Colorado Civil Unions Backers Seek Leverage From Prop 8 Ruling



The backers of legislation that would recognize same-sex civil unions in Colorado cheered a ruling Monday by a federal appeals court on Tuesday declared California’s voter-approved ban on same-sex marriage unconstitutional…

Tuesday’s 2-1 ruling by a three-judge panel of the 9th U.S. Circuit Court of Appeals declared that California’s Proposition 8, which voters approved in 2008, was a violation of the civil rights of gays and lesbians.

“Today’s ruling, if upheld, will restore the freedom to marry in California and add our nation’s largest state as another engine of progress for the country,” said [One Colorado executive director Brad] Clark.

“As this case makes its way through the courts, we will continue to pursue critical legal protections for all families here in Colorado.”

A poll follows: will today’s decision on California’s Proposition 8 help civil unions become law in Colorado? We discussed before the new role of Republican civil unions proponents in the debate–we’ll be curious to see how this decision fits into Coloradans for Freedom’s message, and whether this “activist” court ruling will harden opposition from some conservatives.

Don’t get us wrong, we know where the course of history is leading. This polls show very clearly who is winning the debate in the long run, and who is losing. This is about whether or not the Republican Party in Colorado is willing to adapt in a timeframe that does not politically damage them further–a big part of why we have “Coloradans for Freedom” to begin with.

As we’ve said, it’s really a debate within the GOP now.

Will today's Proposition 8 ruling help civil unions pass in Colorado?


  1. BlueCat says:

    on the fact that California already has civil unions:

    The California justices declared the right to marry a person of one’s own gender a fundamental right, and they declared as well that it violates state equal protection doctrine for California to treat gay and straight couples differently for purposes of marriage. California has a domestic partnership law, which grants same-sex couples virtually all of the rights and obligations of marriage, making the current dispute one of nomenclature over the use of the word “marriage,” not about the substance of marriage rights. But as their colleagues in Massachusetts did a few years ago, the California justices treated this accommodation as a kind of “separate but equal” institution–which is to say, not an equal one at all.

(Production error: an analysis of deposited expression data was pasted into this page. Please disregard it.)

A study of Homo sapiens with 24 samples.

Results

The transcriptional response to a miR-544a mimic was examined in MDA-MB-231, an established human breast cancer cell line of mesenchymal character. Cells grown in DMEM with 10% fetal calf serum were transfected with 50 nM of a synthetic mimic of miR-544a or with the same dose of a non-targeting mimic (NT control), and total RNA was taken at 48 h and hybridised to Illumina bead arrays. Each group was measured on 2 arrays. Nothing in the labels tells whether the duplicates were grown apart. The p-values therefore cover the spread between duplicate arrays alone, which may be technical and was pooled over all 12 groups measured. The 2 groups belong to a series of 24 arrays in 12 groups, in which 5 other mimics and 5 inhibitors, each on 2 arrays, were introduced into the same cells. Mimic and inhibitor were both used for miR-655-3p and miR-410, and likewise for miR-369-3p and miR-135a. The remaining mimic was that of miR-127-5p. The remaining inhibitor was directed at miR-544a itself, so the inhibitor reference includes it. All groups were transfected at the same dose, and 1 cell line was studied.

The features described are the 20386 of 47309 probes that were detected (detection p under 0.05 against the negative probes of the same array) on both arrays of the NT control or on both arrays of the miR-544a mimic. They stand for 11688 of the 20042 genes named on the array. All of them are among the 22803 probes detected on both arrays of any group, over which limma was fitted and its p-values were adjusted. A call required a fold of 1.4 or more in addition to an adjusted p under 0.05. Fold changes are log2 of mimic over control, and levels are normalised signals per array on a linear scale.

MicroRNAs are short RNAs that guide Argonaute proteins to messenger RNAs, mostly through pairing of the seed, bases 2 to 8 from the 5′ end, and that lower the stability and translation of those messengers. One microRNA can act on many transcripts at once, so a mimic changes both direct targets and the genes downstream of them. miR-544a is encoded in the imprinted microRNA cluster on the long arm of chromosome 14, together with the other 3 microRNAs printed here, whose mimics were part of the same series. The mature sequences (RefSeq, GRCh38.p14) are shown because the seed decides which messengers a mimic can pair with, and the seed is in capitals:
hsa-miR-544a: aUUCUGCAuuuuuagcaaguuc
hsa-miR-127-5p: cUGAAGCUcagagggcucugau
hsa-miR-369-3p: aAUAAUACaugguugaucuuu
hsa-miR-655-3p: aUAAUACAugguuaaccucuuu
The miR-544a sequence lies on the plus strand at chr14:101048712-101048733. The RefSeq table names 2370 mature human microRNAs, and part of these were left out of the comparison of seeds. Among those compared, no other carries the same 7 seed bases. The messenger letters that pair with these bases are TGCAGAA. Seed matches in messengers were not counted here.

http://www.brookings.edu/opini

    If anything, this might cause the anti-gay forces to dig in their heels and fight civil unions/domestic partnerships as leading to legal recognition of gay marriage rights even harder. But they are fighting a losing battle.

    This decision is more evidence that the day is coming ,  much sooner rather than later, when bans on gay marriage will seem as antiquated as the old bans on interracial marriage.  

  2. AristotleAristotle says:

    based on what I’ve read on the blogs, is that this ruling is specifically “You can’t take back rights that have been granted.” California had granted same-sex couples the right to marry, and Prop 8 took it away, therefore it was unconstitutional.

    Since Colorado has NOT yet extended the right, either as marriage or separate-but-equal civil unions, I don’t see how this ruling can directly help.

    • California’s constitution, like those in a number of states (including Iowa), has an expansive definition of equal rights.  Prop. 8 was an attempt to revoke a right granted via the state constitution, and the finding of the Court was that there was no compelling reason to do so.

      It’s the heightened scrutiny required for the revoking an existing right and the absolutely worthless legal case made by the anti-marriage plaintiffs that made this such a huge fail.

  3. sxp151 says:

    will overturn this before it comes up for a vote here, which will make it harder to pass. So I don’t think it will help.

    • If I’m not mistaken, I believe John Roberts has a long history of doing pro-bono work for groups that were pushing equal rights for our LGBT brothers and sisters

      In addition, Anthony Kennedy, apparently, leans liberal on this issue

      Overall, what I’ve heard from Republican insiders is that John Roberts and Anthony Kennedy will favor Gay Marriage – it’s one reason why right-wingers are not hell bent to get this issue to the Supreme Court because the deck favors us (pro-gay-marriage supporters)

  4. nancycronknancycronk says:

    This might not be a complete victory, or a permanent victory, but today, it is a victory for those who are committed to justice. Today is a day to celebrate.

  5. allyncooper says:

    and as William Sloan Coffin once said, “You cannot put the freeze on history.”

    The Republicans who realize this understand who will be left on the dust heap of history, and they prefer it not be them.  

    • BlueCat says:

      are mainly indies these days. The base seems to be all about the dust heap of history, longing for a return of the fifties when blacks and women and gays knew their place. Heck, you didn’t have to allow Jews in your neighborhood if you didn’t want to.